Since its announcement at E3 2019, Ghostwire: Tokyo has loomed as one of Bethesda’s weirder and more inscrutable upcoming games. Years have passed without a clear look at how the game will play, and that lack of clarity wasn’t improved when the company announced in 2021 that its creative director at developer Tango Gameworks was leaving to start a new company and that Ghostwire would be delayed to sometime in “early 2022.”
This week, Bethesda confirmed that the PC- and PlayStation 5-exclusive game finally has a release date of March 25, though that news arrived Thursday alongside a flashy, camera-cutting trailer that still left some questions unanswered. Thankfully, Bethesda hosted members of the press for a behind-closed-doors reveal of raw, uninterrupted gameplay late last month, and the results, which we’re now allowed to talk about, were intriguing and impressive.
Instead of feeling like a direct successor to Tango Gameworks’ Evil Within series, Ghostwire takes a fresh step into horror gaming by combining complex visual effects, memorable art direction, the creeping dread of Amnesia, and the fantastical, magic-infused exploration and combat of classic PC series Heretic and Hexen.
This district has been cleansed
The game opens in the Shibuya district of Tokyo, where protagonist Akito is the apparent sole survivor of a supernatural event: a mist has washed over the city, making everyone it touches disappear. Akito, either immune from its effects or living through a freakish dream (who knows), meets a man in spirit form named KK who has his own checkered past. After fusing together, Akito and KK take up a mission of battling ghosts, saving lost spirits, and fending off a creepy, omnipresent mastermind named Kannya.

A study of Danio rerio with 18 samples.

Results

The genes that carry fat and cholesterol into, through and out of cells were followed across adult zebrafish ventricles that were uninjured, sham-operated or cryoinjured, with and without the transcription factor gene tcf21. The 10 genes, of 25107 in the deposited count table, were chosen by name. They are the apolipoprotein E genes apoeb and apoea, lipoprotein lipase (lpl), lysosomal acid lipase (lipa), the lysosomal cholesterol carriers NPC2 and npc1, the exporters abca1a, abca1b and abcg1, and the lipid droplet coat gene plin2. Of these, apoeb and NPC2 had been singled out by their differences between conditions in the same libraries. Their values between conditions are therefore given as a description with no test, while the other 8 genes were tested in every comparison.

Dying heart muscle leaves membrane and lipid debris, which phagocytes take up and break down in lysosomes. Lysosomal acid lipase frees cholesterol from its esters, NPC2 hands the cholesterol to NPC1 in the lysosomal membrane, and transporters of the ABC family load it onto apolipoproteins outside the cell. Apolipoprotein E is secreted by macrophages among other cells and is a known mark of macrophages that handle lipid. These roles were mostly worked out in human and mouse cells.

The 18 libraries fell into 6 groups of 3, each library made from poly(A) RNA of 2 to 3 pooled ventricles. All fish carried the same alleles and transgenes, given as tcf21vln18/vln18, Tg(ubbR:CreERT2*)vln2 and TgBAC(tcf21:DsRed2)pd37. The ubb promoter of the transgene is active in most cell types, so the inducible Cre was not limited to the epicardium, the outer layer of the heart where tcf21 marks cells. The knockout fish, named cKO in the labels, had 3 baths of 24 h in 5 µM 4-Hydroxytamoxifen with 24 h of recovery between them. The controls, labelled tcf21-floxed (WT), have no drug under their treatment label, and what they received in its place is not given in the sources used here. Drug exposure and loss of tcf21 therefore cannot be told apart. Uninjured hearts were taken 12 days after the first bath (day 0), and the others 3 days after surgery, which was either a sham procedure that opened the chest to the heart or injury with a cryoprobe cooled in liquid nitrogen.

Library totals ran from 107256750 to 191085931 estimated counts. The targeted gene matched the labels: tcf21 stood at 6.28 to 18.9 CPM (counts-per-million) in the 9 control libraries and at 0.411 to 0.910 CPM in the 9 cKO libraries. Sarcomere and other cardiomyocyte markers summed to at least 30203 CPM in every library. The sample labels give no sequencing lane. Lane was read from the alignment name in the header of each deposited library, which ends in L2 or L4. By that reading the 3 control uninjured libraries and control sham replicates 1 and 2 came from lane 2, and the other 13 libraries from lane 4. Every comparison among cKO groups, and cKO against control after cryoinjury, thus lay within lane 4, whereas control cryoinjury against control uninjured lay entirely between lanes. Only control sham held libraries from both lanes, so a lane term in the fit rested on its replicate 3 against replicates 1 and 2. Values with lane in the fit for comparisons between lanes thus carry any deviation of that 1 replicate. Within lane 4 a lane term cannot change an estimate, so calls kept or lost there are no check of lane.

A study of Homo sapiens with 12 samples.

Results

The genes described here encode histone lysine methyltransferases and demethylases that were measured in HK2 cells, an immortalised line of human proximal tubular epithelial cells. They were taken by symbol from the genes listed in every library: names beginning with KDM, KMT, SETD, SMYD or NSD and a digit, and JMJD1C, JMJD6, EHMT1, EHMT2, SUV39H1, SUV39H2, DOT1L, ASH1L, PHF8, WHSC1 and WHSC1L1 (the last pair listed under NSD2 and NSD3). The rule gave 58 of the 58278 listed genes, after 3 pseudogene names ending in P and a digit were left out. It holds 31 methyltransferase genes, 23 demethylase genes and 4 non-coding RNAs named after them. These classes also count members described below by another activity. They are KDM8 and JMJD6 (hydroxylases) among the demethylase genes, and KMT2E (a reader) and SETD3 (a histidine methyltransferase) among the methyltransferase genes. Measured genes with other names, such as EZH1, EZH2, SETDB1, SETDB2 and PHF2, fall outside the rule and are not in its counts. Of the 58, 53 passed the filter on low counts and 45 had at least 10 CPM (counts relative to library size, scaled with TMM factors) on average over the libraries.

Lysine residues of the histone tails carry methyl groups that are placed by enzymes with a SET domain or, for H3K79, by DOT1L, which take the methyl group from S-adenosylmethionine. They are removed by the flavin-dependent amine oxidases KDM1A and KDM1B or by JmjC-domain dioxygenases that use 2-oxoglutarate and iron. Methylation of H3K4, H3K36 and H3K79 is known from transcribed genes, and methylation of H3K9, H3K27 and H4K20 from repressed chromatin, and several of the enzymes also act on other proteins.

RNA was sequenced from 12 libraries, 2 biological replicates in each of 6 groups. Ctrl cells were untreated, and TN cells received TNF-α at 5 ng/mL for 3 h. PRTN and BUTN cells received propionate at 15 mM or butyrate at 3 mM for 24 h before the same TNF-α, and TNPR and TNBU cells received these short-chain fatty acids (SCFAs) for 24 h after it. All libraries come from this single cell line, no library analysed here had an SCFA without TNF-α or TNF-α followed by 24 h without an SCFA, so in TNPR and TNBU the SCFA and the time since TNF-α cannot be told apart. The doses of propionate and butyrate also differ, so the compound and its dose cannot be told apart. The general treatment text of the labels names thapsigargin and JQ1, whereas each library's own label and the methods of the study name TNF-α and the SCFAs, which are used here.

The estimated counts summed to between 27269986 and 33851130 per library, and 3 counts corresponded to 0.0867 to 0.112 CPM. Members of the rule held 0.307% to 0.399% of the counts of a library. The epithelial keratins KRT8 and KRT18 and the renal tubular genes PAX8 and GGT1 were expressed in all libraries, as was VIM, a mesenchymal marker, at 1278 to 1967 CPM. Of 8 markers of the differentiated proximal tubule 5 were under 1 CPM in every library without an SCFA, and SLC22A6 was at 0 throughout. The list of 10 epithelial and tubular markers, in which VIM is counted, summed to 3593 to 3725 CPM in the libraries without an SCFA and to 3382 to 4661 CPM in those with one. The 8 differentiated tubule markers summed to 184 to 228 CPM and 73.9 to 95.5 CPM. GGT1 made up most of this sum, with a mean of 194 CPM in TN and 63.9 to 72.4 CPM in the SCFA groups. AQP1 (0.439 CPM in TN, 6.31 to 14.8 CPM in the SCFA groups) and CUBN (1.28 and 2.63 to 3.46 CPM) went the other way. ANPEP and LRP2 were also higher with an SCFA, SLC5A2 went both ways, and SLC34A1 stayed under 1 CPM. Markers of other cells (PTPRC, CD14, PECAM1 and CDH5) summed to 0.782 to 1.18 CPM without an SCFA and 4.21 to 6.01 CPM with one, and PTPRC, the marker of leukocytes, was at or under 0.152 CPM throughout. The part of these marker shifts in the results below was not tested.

Spooky plot aside, it’s all an excuse to drop gamers into modern-day Tokyo as rendered on PS5s and high-end PCs. Think of the sensation of dipping into and out of tons of buildings in a dense Tokyo district in Sega’s Yakuza series, then imagine even more buildings being open and available—and they’re all likely to become fantastical, thanks to ghost-powered visual trickery.
Walk through one corridor in an apartment that needs “cleansing,” and its walls might explode as if they were a vibrant watercolor painting, with patterns and faces moving and bleeding across the entire screen. Open a closet door, and it might turn into a catwalk set dozens of stories over the crowded city. Even average city objects might begin morphing and changing shape as you walk past them, suggesting that either a nearby spirit needs saving or a Torii gate needs cleansing.
Action mostly unfolds in first-person perspective, with Akito primarily channeling magical powers based on elements (wind, fire, ice, the usual) but also wielding a bow-and-arrow in the moments that his magical abilities are taken away for various plot-based reasons. He’s also able to grab and yank spirit cores out of certain glowing ghosts, which requires connecting and yanking trippy, criss-crossing beams of light. Imagine a Japanese video game developer trying to one-up the explosive visual impact of Ghostbusters‘ proton streams, and you get the idea.